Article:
Resuscitation Guidelines 2021: What you need to know

If you’re anything like me, reading new resuscitation guidelines looking for the subtlest of subtle changes does not fill you with excitement. In a way, it’s a good thing that no major changes are being introduced. It means the research is working and we are on the right track to continually improving survival rates.

However, the new guidelines still need to be consumed. Thankfully, there are now various media available to consume such topics and my favourite is the podcast.

The following information is a summary and poignant quotes from the brilliant The Resus Room podcast interview with Jasmeet Soar and Gavin Perkins from Resuscitation Council UK.

Listen to the podcast here.

What is the main message in the 2021 Resuscitation Guidelines?

Community response is critical! The Chain of Survival remains as vitally important as ever and early intervention, particularly by encouraging bystander CPR, is THE most effective way to achieve a positive outcome from out-of-hospital cardiac arrest.

In hospital, recognising pre-arrest signs and symptoms and preempting cardiac arrest while managing conditions such as Myocardial Infarction (heart attack) and Sepsis is a key focus.

Elsewhere in the guidelines changes are subtle. High-quality chest compressions with minimal interruption are of paramount importance. No intervention should cause an interruption of chest compressions longer than 5 seconds.

Should we be intubating cardiac arrest patients?

The simplest airway intervention is considered the best. Endotracheal intubation should only be performed in systems with high success rates. This is defined as a 95% success rate within 2 attempts.

First-line airway management treatment should be Bag-Valve-Mask and supraglottic airways such as i-gel. If the LMA is working properly there is no need to change it.

Intubation remains a controversial topic, Jasmeet Soar said, “we don't know which airway technique works best but there is a signal of potential harm with failed resus attempts due to delays dealing with advanced airways. Unless you can deliver endotracheal intubation with a high success rate, you shouldn't be using it".


Another controversial topic; Adrenaline has been shown to be highly effective at restarting the heart, although if introduced later in the treatment pathway it has a lower effect. There is no significant evidence to show improvement in long term neurological outcome.

Gavin Perkins said, "over time, the catastrophic brain ischemia outweighs the benefits of restarting the heart with adrenaline".

Soar added, "If we were starting from scratch it would be quite hard to get Adrenaline into the guidelines. We don't know the optimal dose, we don’t know the optimal timing, and we're not sure in which patient groups it works best."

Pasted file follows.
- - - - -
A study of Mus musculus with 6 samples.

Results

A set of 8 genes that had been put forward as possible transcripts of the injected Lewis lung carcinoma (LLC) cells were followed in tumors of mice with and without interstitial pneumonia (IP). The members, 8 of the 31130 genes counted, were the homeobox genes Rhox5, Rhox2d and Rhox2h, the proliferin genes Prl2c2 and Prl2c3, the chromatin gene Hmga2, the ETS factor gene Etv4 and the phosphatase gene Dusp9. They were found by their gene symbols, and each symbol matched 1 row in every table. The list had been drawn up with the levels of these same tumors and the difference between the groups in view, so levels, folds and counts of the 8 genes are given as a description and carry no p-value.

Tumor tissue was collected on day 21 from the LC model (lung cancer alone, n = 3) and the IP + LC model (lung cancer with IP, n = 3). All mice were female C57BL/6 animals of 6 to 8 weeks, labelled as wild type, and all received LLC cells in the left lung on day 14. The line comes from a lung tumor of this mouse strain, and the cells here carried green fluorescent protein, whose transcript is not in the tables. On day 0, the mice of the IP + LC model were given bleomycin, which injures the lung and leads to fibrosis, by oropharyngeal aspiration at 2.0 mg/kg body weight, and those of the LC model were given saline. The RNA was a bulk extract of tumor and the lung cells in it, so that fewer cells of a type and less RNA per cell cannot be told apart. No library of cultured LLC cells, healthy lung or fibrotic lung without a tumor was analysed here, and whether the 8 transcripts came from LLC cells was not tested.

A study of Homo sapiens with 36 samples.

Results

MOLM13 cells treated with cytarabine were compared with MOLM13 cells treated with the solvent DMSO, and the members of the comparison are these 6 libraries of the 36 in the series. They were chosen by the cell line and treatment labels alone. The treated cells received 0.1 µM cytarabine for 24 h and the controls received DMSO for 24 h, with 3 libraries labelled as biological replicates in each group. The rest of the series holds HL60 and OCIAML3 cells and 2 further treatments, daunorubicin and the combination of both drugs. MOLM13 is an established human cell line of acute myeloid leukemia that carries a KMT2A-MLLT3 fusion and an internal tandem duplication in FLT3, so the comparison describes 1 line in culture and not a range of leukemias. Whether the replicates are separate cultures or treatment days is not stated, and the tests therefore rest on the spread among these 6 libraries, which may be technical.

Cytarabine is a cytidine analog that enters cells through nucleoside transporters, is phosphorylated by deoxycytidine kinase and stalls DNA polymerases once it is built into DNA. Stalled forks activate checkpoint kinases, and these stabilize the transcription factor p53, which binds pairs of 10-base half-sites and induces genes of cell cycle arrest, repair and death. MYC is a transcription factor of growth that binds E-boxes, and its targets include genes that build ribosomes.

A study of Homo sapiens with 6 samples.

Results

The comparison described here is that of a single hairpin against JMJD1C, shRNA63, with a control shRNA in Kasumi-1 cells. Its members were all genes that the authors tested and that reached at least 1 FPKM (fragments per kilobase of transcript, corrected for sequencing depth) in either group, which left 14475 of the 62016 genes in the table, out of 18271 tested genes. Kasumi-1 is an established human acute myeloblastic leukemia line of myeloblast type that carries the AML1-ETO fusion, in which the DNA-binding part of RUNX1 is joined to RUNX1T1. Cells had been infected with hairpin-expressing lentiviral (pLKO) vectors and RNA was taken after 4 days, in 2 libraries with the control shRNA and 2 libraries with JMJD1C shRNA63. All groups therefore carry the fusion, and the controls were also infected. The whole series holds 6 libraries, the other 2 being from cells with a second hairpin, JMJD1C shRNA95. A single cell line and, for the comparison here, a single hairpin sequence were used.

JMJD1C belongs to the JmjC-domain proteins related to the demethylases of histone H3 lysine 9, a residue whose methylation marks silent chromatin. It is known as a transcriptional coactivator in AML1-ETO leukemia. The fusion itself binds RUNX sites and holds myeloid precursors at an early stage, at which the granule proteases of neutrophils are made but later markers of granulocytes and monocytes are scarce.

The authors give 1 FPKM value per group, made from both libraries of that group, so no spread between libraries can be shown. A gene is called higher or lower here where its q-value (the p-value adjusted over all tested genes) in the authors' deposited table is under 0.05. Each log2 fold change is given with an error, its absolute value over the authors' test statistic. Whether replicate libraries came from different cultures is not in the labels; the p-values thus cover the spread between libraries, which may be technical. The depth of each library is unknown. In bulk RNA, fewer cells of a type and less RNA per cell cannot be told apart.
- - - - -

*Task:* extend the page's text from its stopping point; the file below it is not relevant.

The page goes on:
That said, consideration should be given to the benefits of the patient reaching ICU even if survival is unlikely. For example, the patient may be afforded a ‘good death’ with their family by their side and involved in decision making and some will have their wishes of organ donation fulfilled.

IO drug administration in cardiac arrest

The Paramedic 3 study will look at an intraosseous (IO) first approach. The study is due to start in autumn 2021 and will run for 2-3 years. It is anticipated an IO-first protocol will provide patients with a quick and secure route of drug administration so it will be interesting to see the results of the study.

Ultrasound in cardiac arrest treatment

Ultrasound during CPR should only be performed by skilled operators minimising interruption in compressions when acquiring images. Ultrasound can be helpful to rule in conditions such as pneumothorax, tamponade and pericardial infusion.

However, complications such as right ventricular dilatation are common in cardiac arrest and don't necessarily mean pulmonary embolism is present. Another example of where caution must be exercised is when the heart looks still on an ultrasound scan. This shouldn't be used as sole reason for stopping CPR.

As with any intervention, ultrasound can be very helpful but should be used in conjunction with all available methods for diagnosis and treatment.


The UK is lagging behind Europe and other parts of the world when it comes to Extracorporeal membrane oxygenation (ECMO) adoption. Younger, healthier patients suffering from cardiac arrest with a defined, treatable cause such as hypothermia, PE, STEMI etc. ECMO should only be used in settings where the full treatment pathway can be implemented. An elite team is required at every step of the process to ensure safety and success.

Trials are underway in London so we can expect to see ECMO becoming more common in time.

A recent trial in Minneapolis, Minnesota was stopped early because survival rates in cases that used ECMO were 50% vs 0-10% in the standard ALS group. This is exciting news, however, there is a window of opportunity for ECMO which typically needs to be started within 30 minutes. The specialist equipment needed means ECMO may only be available within a small radius of special cardiac arrest treatment centres. This could create health inequalities because the treatment is not available to all, which could be a barrier to adoption.

If you could invest in one thing to improve cardiac arrest survival, what would it be?

Soar concluded the interview by saying, "If I was going to invest a lot of money in something, it would be front-end intervention such as teaching people CPR and improving access to early defibrillation."